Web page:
Orange County Printing

There was a time when almost every town in Orange County had its own local newspaper. The papers helped build community identity, crystallize interests, and sway public opinion. They were also a good source of revenue, and the competition between them was fierce. Some were weekly, others daily. It was common for larger cities to have two or even three competing newspapers.

One of the best known was the Orange Post. Its history reveals much about early hometown journalism and introduces a handful of colorful characters.

The paper began in 1887 as a weekly. At first it was a political organ, but after the boom ended in 1888 it moved to news and general interest. By 1902 it had a circulation of 1,000 and was owned by Charles Meadows. He promoted the paper to a semi-weekly and bought a linotype machine, ending the days of hand-set type. He was followed as owner by John R. Ward (1868-1927) and then Fred Clemons. By the 1930s, Clemons was still working in the back shop almost to the day of his death.

A newspaper in that era was a reflection of the editor’s personal opinions and ideas, so it is no wonder that the owners of the Orange Post were passionately partisan. By the end of the century, rising costs and a shortage of newsprint had spelled the end of the semi-weekly. A tiny article in the Orange Daily News on August 6, 1946, announced that “The Semi-Weekly Orange Post has been discontinued.”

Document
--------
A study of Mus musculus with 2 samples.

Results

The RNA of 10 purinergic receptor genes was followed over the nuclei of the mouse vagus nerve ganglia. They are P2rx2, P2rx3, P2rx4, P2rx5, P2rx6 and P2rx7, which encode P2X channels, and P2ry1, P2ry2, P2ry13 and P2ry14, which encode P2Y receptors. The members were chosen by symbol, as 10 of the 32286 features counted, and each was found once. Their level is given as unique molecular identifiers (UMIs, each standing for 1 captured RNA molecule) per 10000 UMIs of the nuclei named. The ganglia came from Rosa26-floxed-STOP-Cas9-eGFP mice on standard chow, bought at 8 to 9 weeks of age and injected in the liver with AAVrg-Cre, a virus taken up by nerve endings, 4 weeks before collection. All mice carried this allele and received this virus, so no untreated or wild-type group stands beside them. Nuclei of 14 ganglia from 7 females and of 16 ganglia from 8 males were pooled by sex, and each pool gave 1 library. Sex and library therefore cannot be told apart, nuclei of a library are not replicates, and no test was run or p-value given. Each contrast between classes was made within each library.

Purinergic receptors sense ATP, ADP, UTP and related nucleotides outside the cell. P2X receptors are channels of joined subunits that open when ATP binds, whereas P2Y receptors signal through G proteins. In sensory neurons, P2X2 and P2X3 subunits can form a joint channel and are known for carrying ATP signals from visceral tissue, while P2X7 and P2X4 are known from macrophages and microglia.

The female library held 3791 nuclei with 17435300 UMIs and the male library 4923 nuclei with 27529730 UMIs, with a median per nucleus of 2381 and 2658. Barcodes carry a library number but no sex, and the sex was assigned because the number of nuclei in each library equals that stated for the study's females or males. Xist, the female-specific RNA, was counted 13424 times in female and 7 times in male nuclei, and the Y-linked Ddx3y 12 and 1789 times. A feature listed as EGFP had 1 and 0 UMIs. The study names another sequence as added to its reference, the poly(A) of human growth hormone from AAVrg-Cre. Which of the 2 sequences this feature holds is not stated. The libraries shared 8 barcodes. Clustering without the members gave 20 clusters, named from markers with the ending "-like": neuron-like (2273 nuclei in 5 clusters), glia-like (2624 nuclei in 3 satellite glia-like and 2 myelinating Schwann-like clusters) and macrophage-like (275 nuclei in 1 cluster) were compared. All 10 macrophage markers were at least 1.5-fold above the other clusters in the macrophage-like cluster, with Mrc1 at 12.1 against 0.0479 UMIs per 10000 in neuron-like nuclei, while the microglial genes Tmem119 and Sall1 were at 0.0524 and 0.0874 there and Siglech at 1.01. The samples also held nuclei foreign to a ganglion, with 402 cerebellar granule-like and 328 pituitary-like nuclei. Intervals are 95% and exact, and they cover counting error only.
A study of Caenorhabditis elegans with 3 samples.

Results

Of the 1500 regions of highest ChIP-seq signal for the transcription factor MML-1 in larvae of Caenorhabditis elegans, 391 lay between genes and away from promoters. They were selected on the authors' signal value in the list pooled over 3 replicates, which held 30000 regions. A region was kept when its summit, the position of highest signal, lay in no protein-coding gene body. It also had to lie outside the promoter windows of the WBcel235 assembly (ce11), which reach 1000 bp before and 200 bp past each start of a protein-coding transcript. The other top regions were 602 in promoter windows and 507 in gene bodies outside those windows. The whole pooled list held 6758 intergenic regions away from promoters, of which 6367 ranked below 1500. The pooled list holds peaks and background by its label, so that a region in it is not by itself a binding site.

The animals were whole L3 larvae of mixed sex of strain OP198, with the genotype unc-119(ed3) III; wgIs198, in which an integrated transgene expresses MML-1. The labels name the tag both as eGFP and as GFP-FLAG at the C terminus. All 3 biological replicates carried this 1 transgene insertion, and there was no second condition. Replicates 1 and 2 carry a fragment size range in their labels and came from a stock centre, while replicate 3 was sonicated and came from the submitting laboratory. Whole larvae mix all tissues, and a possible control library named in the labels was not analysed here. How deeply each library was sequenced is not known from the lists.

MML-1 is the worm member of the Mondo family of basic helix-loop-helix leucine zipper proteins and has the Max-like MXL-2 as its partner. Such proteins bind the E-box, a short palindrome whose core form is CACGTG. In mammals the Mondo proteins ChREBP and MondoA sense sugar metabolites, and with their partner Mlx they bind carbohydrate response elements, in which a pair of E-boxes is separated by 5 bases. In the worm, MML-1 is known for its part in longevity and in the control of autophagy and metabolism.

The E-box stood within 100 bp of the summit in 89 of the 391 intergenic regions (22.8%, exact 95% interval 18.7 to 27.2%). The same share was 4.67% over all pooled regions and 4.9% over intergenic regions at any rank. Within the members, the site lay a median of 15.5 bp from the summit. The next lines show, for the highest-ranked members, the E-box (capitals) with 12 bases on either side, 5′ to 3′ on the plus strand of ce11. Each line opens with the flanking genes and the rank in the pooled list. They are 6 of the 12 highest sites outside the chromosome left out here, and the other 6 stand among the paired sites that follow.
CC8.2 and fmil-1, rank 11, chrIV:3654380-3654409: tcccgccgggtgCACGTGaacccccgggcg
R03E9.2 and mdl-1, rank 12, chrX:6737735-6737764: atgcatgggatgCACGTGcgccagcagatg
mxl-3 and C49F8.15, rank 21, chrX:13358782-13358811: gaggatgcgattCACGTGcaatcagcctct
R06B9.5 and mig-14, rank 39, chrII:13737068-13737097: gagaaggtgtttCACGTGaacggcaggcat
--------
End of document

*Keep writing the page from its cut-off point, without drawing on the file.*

It was not the end of local journalism, however. The Register, which had begun life as the Lake Elsinore Valley Press, had been renamed the Orange Star and became a daily in 1916. The paper had trouble attracting advertisers, and the owners tried to remedy the problem by buying out other rivals. It wasn’t enough.

In the years leading up to World War II, the Star began moving away from local coverage and giving more space to national and international affairs. This trend continued after the war, but it was not enough to save the Star. It finally shut down in 1968.

Main Graphics in Orange County, CA is a full-service printing company dedicated to maintaining high quality professional products and customer satisfaction. The firm offers plain and color copy, blueprint copy, and large format printing. They are also able to create custom graphics and layouts for your business or project. Their team of experienced and knowledgeable designers will work with you to make sure that your project is a success.

Coroplast signs are a popular product for marketing events, businesses, and even political campaigns. These durable, lightweight plastic signs are often referred to as yard signs and are an inexpensive way to advertise your message. These signs are easy to handle and can be used both indoors and outdoors. They are available in a variety of sizes and are highly effective.

Whether you need a poster, brochure, or catalog, the right Orange County printing company can get the job done quickly and efficiently. Some important factors to consider when selecting a print shop include the speed of production, delivery time and the quality of the finished product.